04 March 2011

And miles to go before I sleep...under this quilt...

I like to forget how long it can take to go from finishing quilt blocks to finishing a quilt.

I guess this might take a particularly long time when you start from 100 blocks that are all different heights and widths and not squared up.  : )

This is my process…

Step One:  Square up the blocks



Step Two:  Sort blocks by height

Step Three:  Lay out blocks keeping blocks of approximately the same height in the rows together:
Step Four:  Label each block with its location in the overall quilt
( I like to use address labels on which I write 1-1   1-2   1-3)
I always mark the end of the row with an extra symbol so that know when I'm done.

I pin the blocks in pairs as I pick them up. 


I’m not a big pinner in general, but here it is useful to keep the pair together.  Generally, I only put a few pins in each pair, all on the end where I want to start the seam.

For each row, I decide whether I’m going to line up the bottom or the top of the blocks.  Because the blocks are not identical heights, rows get squared up after they are joined and having either the top or bottom already straight makes this easier and less wasteful.


Step Five:
Sew and press and sew and press until the rows are complete.



Step Six:
Square up the rows.
Here’s the best way that I have found to do this.

(a) start in the middle of the row.   Line up a seam with the lines in the rotary cutting mat. 

(b)  check the top or bottom (whichever is supposed to already be square) to be sure that it is square.  You need it to be square, so even if it is just 1/16” off somewhere, square the whole row again.

(c) With one side totally square, find the shortest block in the row.  Start from that block and square up the row.  Be precise.

Step Seven
Once all  of the rows are squared up, lay them out again.  Check that you don’t need to make any rows wider…your quilt is going to be as wide as your narrowest row.  Pick the rows up in pairs, deciding whether you are going to join them starting from the left or the right.  Varying this will result in a more balanced final quilt.  When deciding, I think about which blocks will get cut up and what is going to line up with what.

Join the first pairs of row, then lay the quilt out again.  Again, decide whether you are going to join rows from the left or the right.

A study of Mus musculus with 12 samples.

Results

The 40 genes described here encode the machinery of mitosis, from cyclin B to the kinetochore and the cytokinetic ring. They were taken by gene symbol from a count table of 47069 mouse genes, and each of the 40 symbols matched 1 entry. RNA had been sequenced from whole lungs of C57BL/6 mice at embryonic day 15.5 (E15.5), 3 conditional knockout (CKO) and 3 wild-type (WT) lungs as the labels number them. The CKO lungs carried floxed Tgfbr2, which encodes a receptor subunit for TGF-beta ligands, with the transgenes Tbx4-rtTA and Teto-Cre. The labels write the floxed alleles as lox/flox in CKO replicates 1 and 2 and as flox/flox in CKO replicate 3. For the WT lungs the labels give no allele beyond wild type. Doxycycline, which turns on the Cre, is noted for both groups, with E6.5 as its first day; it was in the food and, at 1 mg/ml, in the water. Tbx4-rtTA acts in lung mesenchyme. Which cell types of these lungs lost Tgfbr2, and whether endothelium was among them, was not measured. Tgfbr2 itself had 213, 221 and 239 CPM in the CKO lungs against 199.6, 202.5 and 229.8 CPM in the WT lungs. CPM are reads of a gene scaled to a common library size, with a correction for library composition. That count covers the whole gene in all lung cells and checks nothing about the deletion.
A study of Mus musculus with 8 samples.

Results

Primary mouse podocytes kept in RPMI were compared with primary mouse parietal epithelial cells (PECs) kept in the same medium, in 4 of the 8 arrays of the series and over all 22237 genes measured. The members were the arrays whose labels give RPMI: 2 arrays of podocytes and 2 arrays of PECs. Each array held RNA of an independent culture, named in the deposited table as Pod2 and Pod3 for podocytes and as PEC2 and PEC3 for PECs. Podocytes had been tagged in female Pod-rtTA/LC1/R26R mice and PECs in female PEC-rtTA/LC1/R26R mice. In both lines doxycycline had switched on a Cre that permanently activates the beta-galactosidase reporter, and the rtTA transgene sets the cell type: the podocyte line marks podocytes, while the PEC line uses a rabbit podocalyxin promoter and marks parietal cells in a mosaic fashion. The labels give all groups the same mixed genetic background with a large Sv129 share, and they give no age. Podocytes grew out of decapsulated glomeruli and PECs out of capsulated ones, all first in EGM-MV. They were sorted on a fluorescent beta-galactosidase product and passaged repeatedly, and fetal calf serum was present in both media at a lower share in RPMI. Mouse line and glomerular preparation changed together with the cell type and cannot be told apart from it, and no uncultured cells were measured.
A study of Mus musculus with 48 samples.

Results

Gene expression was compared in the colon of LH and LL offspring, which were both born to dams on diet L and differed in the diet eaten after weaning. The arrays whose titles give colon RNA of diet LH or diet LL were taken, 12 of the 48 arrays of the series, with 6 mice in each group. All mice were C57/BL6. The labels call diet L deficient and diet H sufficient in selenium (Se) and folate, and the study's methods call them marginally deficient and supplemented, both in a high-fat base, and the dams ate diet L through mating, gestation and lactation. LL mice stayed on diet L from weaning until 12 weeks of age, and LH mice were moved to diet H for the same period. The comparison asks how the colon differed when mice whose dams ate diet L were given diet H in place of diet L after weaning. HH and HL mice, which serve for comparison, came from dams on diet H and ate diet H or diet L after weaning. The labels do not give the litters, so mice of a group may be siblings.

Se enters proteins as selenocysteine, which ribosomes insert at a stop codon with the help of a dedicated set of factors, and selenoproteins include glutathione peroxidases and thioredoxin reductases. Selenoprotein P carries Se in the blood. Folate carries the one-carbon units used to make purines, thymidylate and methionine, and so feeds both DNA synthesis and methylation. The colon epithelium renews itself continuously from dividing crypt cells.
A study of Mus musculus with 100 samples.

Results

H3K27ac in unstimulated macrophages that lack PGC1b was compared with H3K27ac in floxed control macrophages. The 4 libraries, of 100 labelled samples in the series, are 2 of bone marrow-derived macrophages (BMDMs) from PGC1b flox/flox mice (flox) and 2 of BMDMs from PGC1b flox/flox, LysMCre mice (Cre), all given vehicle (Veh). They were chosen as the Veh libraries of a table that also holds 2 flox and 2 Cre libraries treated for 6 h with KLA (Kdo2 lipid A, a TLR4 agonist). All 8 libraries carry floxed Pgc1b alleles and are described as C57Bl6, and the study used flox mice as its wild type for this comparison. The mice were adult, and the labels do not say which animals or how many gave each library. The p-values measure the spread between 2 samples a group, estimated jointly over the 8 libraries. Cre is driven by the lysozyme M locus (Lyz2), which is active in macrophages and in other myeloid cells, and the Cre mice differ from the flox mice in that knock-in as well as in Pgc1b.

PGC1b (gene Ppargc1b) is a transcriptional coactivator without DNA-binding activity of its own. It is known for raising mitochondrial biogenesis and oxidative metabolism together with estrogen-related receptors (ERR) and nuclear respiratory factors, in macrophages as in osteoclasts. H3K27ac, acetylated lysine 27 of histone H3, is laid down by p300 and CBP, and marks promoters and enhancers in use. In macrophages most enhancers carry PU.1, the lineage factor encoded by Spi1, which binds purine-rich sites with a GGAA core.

In this picture, you can see that some rows have been joined starting from the left and some from the right. 
As you go through this, you can start cutting off extra width from the rows.  I do this by sliding my rotary mat onto the floor under my quilt.

Step Eight
Realize you’re done.  Wish it wasn’t raining so that you could take the quilt top out for a proper photograph.

16 comments:

  1. Wow - thanks for this...what a great lesson! Can't wait to see the top..it's raining here too :-(

    i like your explanation of putting the top together, it's great to see inside the mind of another quilter. My gut would have me do it totally differently, but knowing your steps might be useful for a future quilt. thanks.
    it looks like you've got some non cross blocks added in, was that premeditated or were they put in as spacers?




    Heart Made--The newsprint fabric has been in my stash for years and doesn't have selvedge information. Sorry. The one with letters is more recent, but again no selvedge information. I think that it was something to do with Italy? Not terrible helpful, sorry.

    & I have that Modern Furniture fabric too so "WE" rock!


    Love the newspaper print, and I'm a little jealous of your cutting mat. Mine is about 1/2 of that size.



    And why have I never thought of using address labels? I always pin little pieces of paper to my blocks. Which I find annoying. :)







    may i please have your snips and scraps...? even your trim pile looks wonderful.